It's hard going app-free.
When I described the assignment, the class let out a collective groan. Students would spend 48 hours without their favorite app. “TikTok is a thing!” one protested. Others grasped their phones more tightly.
The class is called “The ‘I’ in ‘Internet,’ the ‘Me’ in ‘Meme’” (title partly cribbed from author Jia Tolentino) and it is designed to help students think about social media’s role in their lives and in the world. Part of Saint Louis University’s new Core curriculum, this Ignite Seminar encourages students to learn through personal self-reflection. What is more personal than our phones? Responses to the assignment varied. Here is what students had to say:
One student spent a lot of time on TikTok “whether between classes, before bed, or even while I was eating.” Not having the app allowed her to devote time to other things. She took walks, tried new coffee shops, and baked cookies. She reported that “deleting TikTok made it easier to leave my phone alone.” Most important, being without the app allowed her to connect with her mom when she went home over the weekend. “I was grateful that I didn’t have TikTok because it let us connect again on a personal level. I was able to put my phone down and just enjoy the present moment with her.”
Another student found that deleting Instagram helped her feel better about her college experience. “My transition to college has not been ideal, while my friends have shown on their Instagrams that they are transitioning just fine,” she explained. “Not having Instagram allowed me to be happier as I was able to enjoy being at SLU and not compare my experience to anyone else’s.” If comparison is the thief of joy, deleting an app can mean reclaiming happiness.
Apps not only steal joy, they also steal time. A third student found that “the absence of TikTok increased my time with my family and friends immensely.” He initially felt bored and annoyed that he didn’t have the app, but then he found other things to do. “I began to go over to friends' dorms much more than I had been.” He says time with them took his mind off the app. “I had a lot of fun spending time with friends instead of just sitting in my room wasting time on TikTok.”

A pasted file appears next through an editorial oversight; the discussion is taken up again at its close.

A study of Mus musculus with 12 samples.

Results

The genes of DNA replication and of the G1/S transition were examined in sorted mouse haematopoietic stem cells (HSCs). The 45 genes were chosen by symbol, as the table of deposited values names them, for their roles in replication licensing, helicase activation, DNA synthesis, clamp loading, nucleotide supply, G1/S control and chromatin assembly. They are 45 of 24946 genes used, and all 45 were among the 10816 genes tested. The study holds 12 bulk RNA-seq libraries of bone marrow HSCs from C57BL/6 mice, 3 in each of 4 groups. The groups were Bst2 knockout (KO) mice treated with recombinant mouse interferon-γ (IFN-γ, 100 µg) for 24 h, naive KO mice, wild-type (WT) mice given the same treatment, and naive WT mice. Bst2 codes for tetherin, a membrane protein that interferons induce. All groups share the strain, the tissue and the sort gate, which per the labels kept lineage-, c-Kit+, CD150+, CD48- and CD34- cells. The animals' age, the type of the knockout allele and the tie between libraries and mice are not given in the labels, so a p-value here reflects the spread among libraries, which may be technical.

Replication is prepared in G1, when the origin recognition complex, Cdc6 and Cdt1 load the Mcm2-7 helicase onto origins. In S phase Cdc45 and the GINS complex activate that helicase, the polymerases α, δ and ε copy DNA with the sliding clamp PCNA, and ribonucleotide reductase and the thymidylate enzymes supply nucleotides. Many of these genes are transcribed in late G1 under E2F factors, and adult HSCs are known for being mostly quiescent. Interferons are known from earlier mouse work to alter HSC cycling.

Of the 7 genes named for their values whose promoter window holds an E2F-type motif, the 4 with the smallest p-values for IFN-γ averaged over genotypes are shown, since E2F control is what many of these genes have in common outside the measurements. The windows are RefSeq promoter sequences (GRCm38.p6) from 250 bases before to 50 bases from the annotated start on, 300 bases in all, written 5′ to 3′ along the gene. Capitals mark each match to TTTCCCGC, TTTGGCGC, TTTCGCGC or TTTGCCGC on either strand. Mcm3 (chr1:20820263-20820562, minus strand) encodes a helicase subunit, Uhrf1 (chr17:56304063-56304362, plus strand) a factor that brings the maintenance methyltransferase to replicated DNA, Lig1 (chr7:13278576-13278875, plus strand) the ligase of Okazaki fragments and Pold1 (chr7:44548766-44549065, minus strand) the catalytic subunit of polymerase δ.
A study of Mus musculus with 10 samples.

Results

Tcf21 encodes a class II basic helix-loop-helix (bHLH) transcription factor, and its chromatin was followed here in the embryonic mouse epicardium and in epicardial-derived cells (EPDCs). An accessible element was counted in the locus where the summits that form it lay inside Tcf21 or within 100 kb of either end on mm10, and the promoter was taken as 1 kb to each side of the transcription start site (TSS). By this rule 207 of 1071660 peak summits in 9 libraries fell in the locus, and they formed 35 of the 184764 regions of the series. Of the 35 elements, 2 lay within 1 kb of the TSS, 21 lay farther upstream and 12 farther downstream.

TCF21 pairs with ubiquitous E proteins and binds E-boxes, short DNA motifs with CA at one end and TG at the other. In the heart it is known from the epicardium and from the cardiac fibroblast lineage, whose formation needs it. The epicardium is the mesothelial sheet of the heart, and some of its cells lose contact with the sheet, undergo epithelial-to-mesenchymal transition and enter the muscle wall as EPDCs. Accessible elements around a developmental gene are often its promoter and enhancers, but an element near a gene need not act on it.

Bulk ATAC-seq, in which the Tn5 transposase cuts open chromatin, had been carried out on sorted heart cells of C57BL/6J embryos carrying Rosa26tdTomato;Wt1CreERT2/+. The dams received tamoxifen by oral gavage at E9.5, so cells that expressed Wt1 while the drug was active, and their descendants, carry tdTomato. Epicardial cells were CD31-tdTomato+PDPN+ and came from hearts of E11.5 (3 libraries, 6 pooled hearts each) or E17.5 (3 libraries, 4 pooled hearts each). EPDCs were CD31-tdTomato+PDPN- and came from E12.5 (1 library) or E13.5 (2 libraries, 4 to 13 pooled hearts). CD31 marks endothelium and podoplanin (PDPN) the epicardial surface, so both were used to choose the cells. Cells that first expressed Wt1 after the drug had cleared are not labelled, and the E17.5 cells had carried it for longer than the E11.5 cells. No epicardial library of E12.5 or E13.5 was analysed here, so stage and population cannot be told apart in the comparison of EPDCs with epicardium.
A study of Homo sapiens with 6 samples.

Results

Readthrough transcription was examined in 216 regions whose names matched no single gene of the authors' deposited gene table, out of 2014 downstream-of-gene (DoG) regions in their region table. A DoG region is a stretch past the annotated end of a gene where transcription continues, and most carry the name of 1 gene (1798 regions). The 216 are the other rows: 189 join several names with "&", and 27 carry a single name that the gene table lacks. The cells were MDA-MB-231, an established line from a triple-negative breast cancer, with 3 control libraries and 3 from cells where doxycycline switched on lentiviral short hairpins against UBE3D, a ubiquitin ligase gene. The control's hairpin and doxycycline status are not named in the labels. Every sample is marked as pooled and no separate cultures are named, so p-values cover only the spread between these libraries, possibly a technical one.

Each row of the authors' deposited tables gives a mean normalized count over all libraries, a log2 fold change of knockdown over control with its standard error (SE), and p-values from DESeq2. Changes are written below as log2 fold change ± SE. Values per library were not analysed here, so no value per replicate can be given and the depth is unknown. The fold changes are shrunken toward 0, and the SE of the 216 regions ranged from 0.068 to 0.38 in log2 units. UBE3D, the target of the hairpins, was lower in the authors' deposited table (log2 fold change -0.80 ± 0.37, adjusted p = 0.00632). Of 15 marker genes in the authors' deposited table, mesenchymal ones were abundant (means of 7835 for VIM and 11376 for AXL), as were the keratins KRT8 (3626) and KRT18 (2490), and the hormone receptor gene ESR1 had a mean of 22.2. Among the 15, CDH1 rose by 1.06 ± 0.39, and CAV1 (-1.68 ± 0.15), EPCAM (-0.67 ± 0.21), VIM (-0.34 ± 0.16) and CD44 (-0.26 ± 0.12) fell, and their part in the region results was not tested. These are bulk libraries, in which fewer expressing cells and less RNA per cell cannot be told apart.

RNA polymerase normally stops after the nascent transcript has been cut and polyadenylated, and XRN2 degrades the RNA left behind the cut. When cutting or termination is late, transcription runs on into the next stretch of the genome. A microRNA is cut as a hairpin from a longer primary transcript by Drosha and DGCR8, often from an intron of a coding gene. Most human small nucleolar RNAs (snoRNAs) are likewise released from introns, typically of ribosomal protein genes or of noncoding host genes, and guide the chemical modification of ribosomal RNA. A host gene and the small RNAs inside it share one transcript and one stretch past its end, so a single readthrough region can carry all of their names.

Understandably, I got some pushback. One student found it disruptive to her personal and academic life. An extrovert from the Northeast, she Snapchats her boyfriend and friends abroad each day and organizes group work on the app. She declared herself a proud techno-optimist and observed, “To me, this experiment seems like a back-handed way for educators and people of older generations to make the younger generation feel guilty for taking advantage of the opportunities that come with social media. It highlights the older generation's reluctance to change and adapt as technology becomes more and more present in our society.”
As the old educator in question, I shook my head at the folly of the young, their desperate reliance on something as frivolous and harmful as social media. The research is clear: our apps steal our attention, mine our data, and polarize our communities. I thought I knew better. That is, until my own assignment came for me.
Unlike my students with their image-rich TikTok and Instagram, I like the wordy nerdiness of Twitter. It always seemed like a lark, a distraction, until a billionaire bought it and ran it into the ground. Watching my favorite app implode, I feel my students’ pain. I have somehow managed to avoid most of Twitter’s nastiness and found a strong community of academics and activists in my field. Saying goodbye to those people feels like a tremendous loss. I wish I was only contemplating a two-day break.
I’m not yet ready to leave Twitter. There is no satisfying alternative. But I can see the day coming when the bad will outweigh the good. When that time arrives, something precious will die. I will keep writing, I will keep thinking, but I will be left with a critical question: Where do I post?
Liz Chiarello is an associate professor in the department of sociology and anthropology at Saint Louis University and a former fellow at the Radcliffe Institute at Harvard University. Her research examines technology, law, and the overdose crisis and her book Policing Patients is under contract with Princeton University Press.
The RFT welcomes well-reasoned essays on subjects of local interest. Contact Rosalind Early at [email protected] if you have something to say.